U.S. 50 carnage: When will it stop?

A roadside memorial on Highway 50 East near Six Mile Canyon Road.

A roadside memorial on Highway 50 East near Six Mile Canyon Road.

Carnage kills and maims all too often in the place where America’s loneliest road grows less lonely and more deadly in Lyon County and Carson City.

U.S. Highway 50, called the loneliest road in America by Life magazine in 1986, runs from sparsely populated central Nevada west through Fallon and Dayton into Nevada’s capital city, leaving in this more congested area a trail of accidents and tears in recent years. Deadly crashes recently have elevated the stretch of road beyond troublesome and into tragic territory.

Law enforcement leaders lament the problem, as five deaths in recent weeks and more than five years of accident statistics etch the stark story into their minds.

“This is the most dangerous highway in the state,” said Carson City Sheriff Ken Furlong. He feared it was so, but awaited statistical evidence before asserting it openly.

Statistics compiled by the Nevada Department of Transportation covered all deaths but a triple-fatality wreck July 10, which occurred as the numbers were being crunched. The latest wrecks jolted Furlong and various community leaders into heightened angst and action; the statistics added to their sense of purpose.

The NDOT stats covered Jan. 1, 2008, through June 15, 2013, plus the June 23 head-on collision that claimed the lives of Sierra Grace Woodward of Carson City and a Texan identified as Mark Flora. That crash happened on the highway at Centennial Drive in east Carson City.

The July crash that wasn’t included the stats, which occurred near Dayton, claimed the lives of Ellis Lee and Louise Erwin of Dayton and Michelle Marie Stratton of Dayton Valley.

“This has got to stop,” said Furlong, voicing concern not only for capital city residents but neighbors to the east. Highway-safety upgrades and changing driving habits were uppermost in his mind.

The sheriff mentioned alcohol- or drug-related causes as well as distracted driving — particularly because people are texting on the sly or using cellphones in other ways — but he also cited any activity that takes drivers’ minds off the road.

Furlong urged more vigilant enforcement, a media blitz and a related campaign to heighten awareness about dangers, safety changes to the roadway that could include rumble bumps alerting drivers straying over the center line or onto highway shoulders, and perhaps Jersey barriers — modular concrete or plastic barriers to get similar safety results.

The sheriff has been meeting with various leaders, among them law enforcement colleagues, to work on a permanent solution.

“I don’t want to do a short-term fix to a long-term problem,” said Furlong, adding that the preponderance of U.S. 50 accidents in or near his jurisdiction are happening during the day.

Meetings last week involved representatives of NDOT and the Office of Traffic Safety, the Nevada Highway Patrol, Carson City transportation and the Lyon County Sheriff’s Office.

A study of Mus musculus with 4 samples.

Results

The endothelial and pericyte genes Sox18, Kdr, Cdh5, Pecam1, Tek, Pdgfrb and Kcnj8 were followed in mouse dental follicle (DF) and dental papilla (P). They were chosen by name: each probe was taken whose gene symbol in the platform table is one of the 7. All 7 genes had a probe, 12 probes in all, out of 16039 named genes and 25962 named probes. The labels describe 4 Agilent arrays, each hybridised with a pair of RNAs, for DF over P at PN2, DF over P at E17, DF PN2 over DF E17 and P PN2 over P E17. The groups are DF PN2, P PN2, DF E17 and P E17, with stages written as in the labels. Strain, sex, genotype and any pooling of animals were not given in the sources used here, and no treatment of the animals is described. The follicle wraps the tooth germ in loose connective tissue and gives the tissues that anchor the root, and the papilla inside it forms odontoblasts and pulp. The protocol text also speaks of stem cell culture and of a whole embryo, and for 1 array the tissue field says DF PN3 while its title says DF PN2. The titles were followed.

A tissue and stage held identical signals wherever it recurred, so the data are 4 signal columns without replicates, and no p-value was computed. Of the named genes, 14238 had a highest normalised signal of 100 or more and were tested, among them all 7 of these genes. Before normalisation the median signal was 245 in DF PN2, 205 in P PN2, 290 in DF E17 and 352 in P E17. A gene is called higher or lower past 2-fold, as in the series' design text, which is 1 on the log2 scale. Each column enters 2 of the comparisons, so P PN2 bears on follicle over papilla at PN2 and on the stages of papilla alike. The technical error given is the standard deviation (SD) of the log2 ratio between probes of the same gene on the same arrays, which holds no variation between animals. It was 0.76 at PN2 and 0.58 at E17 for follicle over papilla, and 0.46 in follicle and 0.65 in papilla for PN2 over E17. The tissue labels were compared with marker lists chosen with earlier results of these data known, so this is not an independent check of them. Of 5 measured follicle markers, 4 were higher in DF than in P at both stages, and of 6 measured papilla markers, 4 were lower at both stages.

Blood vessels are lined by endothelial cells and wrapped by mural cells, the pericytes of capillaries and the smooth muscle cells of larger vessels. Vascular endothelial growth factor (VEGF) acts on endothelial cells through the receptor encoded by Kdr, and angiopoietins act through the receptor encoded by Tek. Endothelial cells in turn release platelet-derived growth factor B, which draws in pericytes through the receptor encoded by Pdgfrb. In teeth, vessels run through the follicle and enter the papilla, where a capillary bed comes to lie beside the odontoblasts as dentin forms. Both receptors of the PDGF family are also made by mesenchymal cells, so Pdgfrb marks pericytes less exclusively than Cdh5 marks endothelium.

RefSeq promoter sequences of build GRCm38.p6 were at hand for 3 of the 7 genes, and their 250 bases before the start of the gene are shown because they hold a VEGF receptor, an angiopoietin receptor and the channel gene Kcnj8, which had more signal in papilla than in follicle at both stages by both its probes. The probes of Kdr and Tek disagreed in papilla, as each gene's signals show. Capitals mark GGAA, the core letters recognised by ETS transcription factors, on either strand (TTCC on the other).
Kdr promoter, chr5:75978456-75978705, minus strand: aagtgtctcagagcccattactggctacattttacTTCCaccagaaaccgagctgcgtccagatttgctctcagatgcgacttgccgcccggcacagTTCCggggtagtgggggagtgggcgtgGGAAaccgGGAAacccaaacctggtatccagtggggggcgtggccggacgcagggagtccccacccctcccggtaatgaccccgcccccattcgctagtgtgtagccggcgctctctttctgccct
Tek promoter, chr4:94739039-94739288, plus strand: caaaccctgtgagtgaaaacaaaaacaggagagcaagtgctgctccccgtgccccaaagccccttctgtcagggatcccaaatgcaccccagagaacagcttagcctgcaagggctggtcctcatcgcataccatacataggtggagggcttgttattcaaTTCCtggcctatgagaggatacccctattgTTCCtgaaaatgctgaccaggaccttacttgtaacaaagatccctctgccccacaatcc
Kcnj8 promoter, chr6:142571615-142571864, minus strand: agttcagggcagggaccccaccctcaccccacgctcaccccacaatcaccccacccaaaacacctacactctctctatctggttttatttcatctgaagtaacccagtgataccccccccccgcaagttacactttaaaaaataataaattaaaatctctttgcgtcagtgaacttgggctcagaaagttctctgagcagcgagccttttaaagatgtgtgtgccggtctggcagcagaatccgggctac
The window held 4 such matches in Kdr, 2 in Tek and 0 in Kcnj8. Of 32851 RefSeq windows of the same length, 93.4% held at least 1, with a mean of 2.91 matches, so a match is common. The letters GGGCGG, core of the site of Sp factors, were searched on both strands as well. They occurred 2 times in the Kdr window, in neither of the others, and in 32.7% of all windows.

“Recognizing the significance of our challenge,” Furlong said, “a plan has been drafted that includes the length of Highway 50 from Carson Street to Fallon, and extending north to Fernley.” That stretch north to Fernley is U.S. 95A.

Maj. Brian Sanchez of NHP Northern Command said both short-term and long-term plans were discussed.

“We’re going to be throwing plenty of resources at this problem,” he said.

Sanchez joined Furlong in calling for public education and other efforts to get the word out about the dangers in Lyon County and east Carson City.

“Absolutely there are things that can be done,” he said. Sanchez said law enforcement can “make adjustments to our enforcement patterns,” and he joined in Furlong’s concern about distracted driving. He also mentioned drowsy drivers, warning that people should take breaks periodically to avoid inattentiveness while at the wheel.

Furlong, meanwhile, also is being invited to the August meeting of the Regional Transportation Commission in Carson City to report on progress by the time that next session of the city’s transport planning and action panel meets.

City Supervisor John McKenna, who chairs the panel, asked Transportation Manager Patrick Pittinger to request Furlong’s attendance.

Lyon County Sheriff Allen Veil said enforcement efforts are being upgraded, as feasible, along the route west of Dayton. But he was mindful of budget constraints.

“Of course we’d like to get more enforcement out there,” Veil said in a phone interview from his office in Yerington. At the same time, he felt compelled to mention tight staffing patterns.

“We’re kind of in a rough position with our staffing issues,” he said, noting the large coverage area and just a dozen deputies to patrol it. “They’re stretched pretty much,” he said, adding that in any spare time they patrol the Mound House stretch of U.S. 50 at the Lyon County-Carson City line and on west to Dayton.

Veil also voiced hope the meetings under way will spark productive brainstorming.

“Hopefully, we’ll come up with some other ideas,” he said.